No Dirty Coffee Luvah Here

As an adult, one of the first of two serious crafting genres that I engaged in was making soap bars out of melt & pour soaps. It's simple. It's clean. And your kitchen will smell great while making them. I would definitely suggest trying this craft, especially if you have never partaken in any other crafting. Besides the melt & pour soap available at most sewing/craft stores, you only need a few other supplies which you probably already have available. I purchased a mold years ago, but it isn't necessary to do so. I still use an old Tupperware cold cut keeper and a plastic cheese keeper that my friend, Kelly (hello dotta!), gave me a while ago.



The only advantage of having a mold is that you don't have to cut the slab into bars, or you want shapes other than the standard rectangular or square bars. I actually enjoy cutting the soap into bars and it gives me a reason to use that silver plated wedding cake knife that I had tucked away years ago and saved for??? 🤔


There are several ways to melt the soap, but I prefer cutting the slab into cubes and then dropping them into my makeshift double boiler. I then stir it occasionally with a recycled chop stick.



Once all is melted, I pour the mixture into a measuring cup and then stir in my additives. Additives can be anything from colors, scented oils, spices, seeds, citrus rinds, etc. For this soap that I made, I used an essential oil and mixed it with instant coffee.













Instant coffee? Yes! My mother kept it at home and when I say 'it', I mean many jars. When she passed, she must have had at least 12 brand new jars. Anytime anything went on sale, she would buy it in bulk proportions as if the item would never, ever be on sale again. 🥰 So what happened to all of the jars? I took them home and have used them to dye muslin, add to cake batter and icing, and used some in this batch of soaps. The only thing I won't do is drink them. 😖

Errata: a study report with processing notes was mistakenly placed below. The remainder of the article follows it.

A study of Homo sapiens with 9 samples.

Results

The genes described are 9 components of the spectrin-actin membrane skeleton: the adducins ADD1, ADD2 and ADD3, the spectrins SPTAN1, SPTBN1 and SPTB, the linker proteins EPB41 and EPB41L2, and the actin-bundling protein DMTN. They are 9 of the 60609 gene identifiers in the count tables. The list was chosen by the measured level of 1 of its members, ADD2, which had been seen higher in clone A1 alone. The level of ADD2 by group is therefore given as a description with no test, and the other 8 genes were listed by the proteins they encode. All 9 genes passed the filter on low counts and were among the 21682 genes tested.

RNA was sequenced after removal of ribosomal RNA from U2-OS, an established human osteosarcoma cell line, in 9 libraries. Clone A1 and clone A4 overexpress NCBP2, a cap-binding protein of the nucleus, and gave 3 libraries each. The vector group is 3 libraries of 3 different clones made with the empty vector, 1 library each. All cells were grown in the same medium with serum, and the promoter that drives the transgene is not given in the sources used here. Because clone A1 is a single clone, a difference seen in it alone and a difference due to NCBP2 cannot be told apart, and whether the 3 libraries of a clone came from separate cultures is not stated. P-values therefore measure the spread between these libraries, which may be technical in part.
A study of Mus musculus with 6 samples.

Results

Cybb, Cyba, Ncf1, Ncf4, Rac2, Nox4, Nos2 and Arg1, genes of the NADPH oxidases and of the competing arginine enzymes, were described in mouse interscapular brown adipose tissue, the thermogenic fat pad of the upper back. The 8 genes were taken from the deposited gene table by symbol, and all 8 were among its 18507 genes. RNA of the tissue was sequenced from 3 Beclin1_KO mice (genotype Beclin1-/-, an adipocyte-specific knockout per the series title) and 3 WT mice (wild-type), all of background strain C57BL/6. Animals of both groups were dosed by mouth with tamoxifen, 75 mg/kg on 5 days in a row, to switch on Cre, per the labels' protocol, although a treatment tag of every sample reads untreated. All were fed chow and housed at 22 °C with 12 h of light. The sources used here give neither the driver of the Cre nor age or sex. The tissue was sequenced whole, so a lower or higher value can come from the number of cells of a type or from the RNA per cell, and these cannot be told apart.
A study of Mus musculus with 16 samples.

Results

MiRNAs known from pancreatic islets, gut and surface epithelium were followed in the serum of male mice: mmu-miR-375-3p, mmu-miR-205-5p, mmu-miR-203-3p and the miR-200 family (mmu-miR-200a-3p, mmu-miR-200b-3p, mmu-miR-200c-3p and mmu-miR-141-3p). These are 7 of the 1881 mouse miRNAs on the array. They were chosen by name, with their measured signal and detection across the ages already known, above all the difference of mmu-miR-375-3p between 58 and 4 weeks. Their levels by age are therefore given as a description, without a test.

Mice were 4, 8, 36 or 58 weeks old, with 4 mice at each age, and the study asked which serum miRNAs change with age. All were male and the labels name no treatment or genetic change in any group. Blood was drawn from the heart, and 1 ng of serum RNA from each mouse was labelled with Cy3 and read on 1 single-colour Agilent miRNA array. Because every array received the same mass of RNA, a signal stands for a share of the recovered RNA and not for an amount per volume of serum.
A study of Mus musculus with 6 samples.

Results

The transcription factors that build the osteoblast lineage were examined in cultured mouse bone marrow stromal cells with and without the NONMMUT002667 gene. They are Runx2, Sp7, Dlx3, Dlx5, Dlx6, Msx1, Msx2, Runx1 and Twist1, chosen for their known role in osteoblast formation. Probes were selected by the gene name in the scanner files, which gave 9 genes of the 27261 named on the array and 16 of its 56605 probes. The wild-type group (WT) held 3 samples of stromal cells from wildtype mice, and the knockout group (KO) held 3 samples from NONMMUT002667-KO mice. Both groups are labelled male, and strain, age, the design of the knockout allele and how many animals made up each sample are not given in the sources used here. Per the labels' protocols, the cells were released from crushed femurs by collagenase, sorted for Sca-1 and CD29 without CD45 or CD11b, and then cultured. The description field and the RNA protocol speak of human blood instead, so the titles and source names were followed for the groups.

For this batch of soaps, I decided to use my mold since it's been a while. I just poured the hot liquid in using the measuring cup which makes it so much easier to do rather than trying to pour it out of the pot. Believe me on this one! Even though cleanup is easy with this project, you still don't want it all over your stove top or counter.



I really liked the deep rich color that the coffee produced, and the smell was fantastic. The only thing to do at this point was to wait for the bars to harden - like waiting for paint to dry. 🥱You can leave them on your counter for about 2-3 hours, or you can put them in your refrigerator for about 1 hour. If you decide to put them in your refrigerator, make sure you put the mold on a plate, or small baking sheet, so you can move the mold without it collapsing on you. Once they are hardened, you just turn the mold over and pop them out. Voila!


I came across a tip recently that stated that if you want really shiny soap, you put the bars into cold water and swish them around. Then while using latex gloves so you don't leave fingerprints, you remove the bars from the cold-water bath and place on a cooling rack. Look at the shine on these soap bars. Nische!



Finally, my favorite part - wrapping! Some people add their wrapping or label over their bars as is, or naked. Personally, I always wrap mine with a clingy plastic wrap first because I want to keep them perfectly clean. It not only helps to preserve the scent, but it also keeps any oil from saturating the final wrapping. Below, I played around with some used brown paper bags that I used to make popcorn in and added some notions that I had available. Here are the final results as follows:







I just wanted to mention that I don't know why the packaging on the soap bar with the feather on it came out looking like it had soap drippings on it. This was not the case, and I am guessing it may have had something to do with using the cut-out option on Wix. Otherwise, I have nothing...


And on this note, I think I will go have a cup of coffee or maybe just take a bath, or both!

2 Comments


Marjorie Schwerdtfeger
Marjorie Schwerdtfeger
Mar 07

Wow! I enjoy watching you make each project. What looks so simple is quite complex. Thanks for sharing your knowledge. ❤️

anupcycledartist
Mar 07
Replying to

Thank you very much, Marjorie. I appreciate you being a loyal reader and I hope that you will enjoy my future blogs.